Working in the setting of any organization means being exposed to the threat of making a mistake based on the human factor (Mitroff & Denton, 2013). Whenever several people of different tempers and visions work together, they are bound to make communication mistakes sooner or later. As a result, an employee may be easily misjudged by a company manager, therefore, facing the threat of being demoted or even losing a job (Robbins & Judge, 2015). However, there are several avenues for addressing the issue in question. After being misjudged by a manager when working for a company in the food industry, I learned that managing the conflict and reintroducing oneself to the manager is, in fact, possible once the right strategy is adopted.
Therefore, I decided that my manager and I needed to discuss this issue openly and that he should give me a chance to explain that it was merely a silly joke and not the statement of my opinion on what quality standards in the food industry should be like. However, prior to the discussion of the subject matter, I had to choose an appropriate negotiation strategy, as well as come up with a way to alter both his personal and professional perception of me. Eventually, the approach based on collaboration and compromising (Schneider & Brown 2013) was chosen as the key negotiation strategy.
The conflict mentioned above shows in a rather graphic manner that the decision-making abilities of both individuals and organizations can be improved with the help of the negotiation strategy based on clarity, compromise, and cooperation. Unless both parties trust each other and are honest with each other, productive communication cannot possibly occur. Therefore, the decision-making process requires high clarity rates and an open negotiation process, with both sides being ready to compromise and acknowledge their mistakes. As long as both parties agree to discuss a problem openly, the decision-making process is likely to result in a solution that will satisfy both negotiators.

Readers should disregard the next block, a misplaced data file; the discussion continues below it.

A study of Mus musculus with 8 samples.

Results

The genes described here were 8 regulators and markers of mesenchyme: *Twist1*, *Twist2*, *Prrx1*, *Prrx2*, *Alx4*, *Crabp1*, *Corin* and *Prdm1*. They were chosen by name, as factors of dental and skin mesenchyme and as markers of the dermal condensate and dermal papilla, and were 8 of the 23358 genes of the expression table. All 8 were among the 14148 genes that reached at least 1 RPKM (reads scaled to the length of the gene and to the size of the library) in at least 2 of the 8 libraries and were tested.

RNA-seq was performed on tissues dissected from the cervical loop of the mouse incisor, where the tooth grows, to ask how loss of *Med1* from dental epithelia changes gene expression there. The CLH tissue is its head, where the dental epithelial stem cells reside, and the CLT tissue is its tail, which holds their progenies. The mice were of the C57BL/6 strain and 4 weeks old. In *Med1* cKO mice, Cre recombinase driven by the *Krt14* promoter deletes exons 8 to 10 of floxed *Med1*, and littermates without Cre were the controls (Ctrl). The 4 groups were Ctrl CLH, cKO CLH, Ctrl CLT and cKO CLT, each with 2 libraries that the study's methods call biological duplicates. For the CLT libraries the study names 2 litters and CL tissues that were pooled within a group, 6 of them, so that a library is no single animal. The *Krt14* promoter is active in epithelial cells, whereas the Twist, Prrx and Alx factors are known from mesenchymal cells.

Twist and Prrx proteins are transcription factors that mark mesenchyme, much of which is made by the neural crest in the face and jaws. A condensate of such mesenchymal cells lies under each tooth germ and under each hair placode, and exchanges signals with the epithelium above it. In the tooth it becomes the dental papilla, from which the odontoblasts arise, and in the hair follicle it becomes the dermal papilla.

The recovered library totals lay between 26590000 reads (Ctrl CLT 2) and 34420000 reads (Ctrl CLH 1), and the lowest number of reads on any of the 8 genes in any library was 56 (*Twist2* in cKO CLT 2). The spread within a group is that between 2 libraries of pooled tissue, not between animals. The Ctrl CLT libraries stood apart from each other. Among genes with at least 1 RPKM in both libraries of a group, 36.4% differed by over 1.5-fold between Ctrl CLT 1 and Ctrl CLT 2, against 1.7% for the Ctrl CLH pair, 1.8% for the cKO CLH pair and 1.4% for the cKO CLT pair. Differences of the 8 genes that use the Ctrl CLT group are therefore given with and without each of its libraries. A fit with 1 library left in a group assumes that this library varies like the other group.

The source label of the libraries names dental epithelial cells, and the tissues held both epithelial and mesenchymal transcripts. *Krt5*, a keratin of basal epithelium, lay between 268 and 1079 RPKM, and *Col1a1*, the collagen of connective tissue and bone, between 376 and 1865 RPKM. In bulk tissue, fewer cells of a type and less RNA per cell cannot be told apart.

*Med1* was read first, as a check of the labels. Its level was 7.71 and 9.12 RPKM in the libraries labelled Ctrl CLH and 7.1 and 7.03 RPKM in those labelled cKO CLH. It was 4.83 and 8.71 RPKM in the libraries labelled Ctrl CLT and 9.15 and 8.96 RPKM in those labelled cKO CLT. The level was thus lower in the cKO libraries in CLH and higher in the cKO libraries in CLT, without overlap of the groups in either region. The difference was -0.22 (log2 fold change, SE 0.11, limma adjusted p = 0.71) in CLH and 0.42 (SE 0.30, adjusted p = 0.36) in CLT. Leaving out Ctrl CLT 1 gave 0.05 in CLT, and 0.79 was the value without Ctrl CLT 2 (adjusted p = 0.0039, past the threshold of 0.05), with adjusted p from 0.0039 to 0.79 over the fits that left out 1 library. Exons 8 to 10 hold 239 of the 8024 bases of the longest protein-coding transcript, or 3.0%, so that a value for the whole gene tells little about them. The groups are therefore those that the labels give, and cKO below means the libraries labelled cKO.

The process of addressing the issue of misjudgment is admittedly long and complicated, as the problem in question concerns not only the company’s standards and the fault of the existing system of evaluation, but also the managers’ personal qualities, including the ability to openly acknowledge their mistakes. Granted that an employee must make a very powerful effort in order to correct the impression made on the company managers unless the latter are capable of recognizing their mistakes, the problem of managerial misjudgment cannot possibly be solved in any way except for quitting the job. Although the experience described above was rather confusing, it was still necessary for drawing essential lessons in business communication from it.
Mitroff, I. I. & Denton, E. A. (2013). A study of spirituality in the workplace. MIT. Web.
Robbins, S. P. & Judge, T. A. (2015). Organizational culture. In Organizational behavior (511–542) (16th ed.). Upper Saddle River, NJ: Pearson.
Wellin, M. (2012). Managing the psychological contract: Using the personal deal to increase business performance. Burlington, VT: Gower Publishing, Ltd.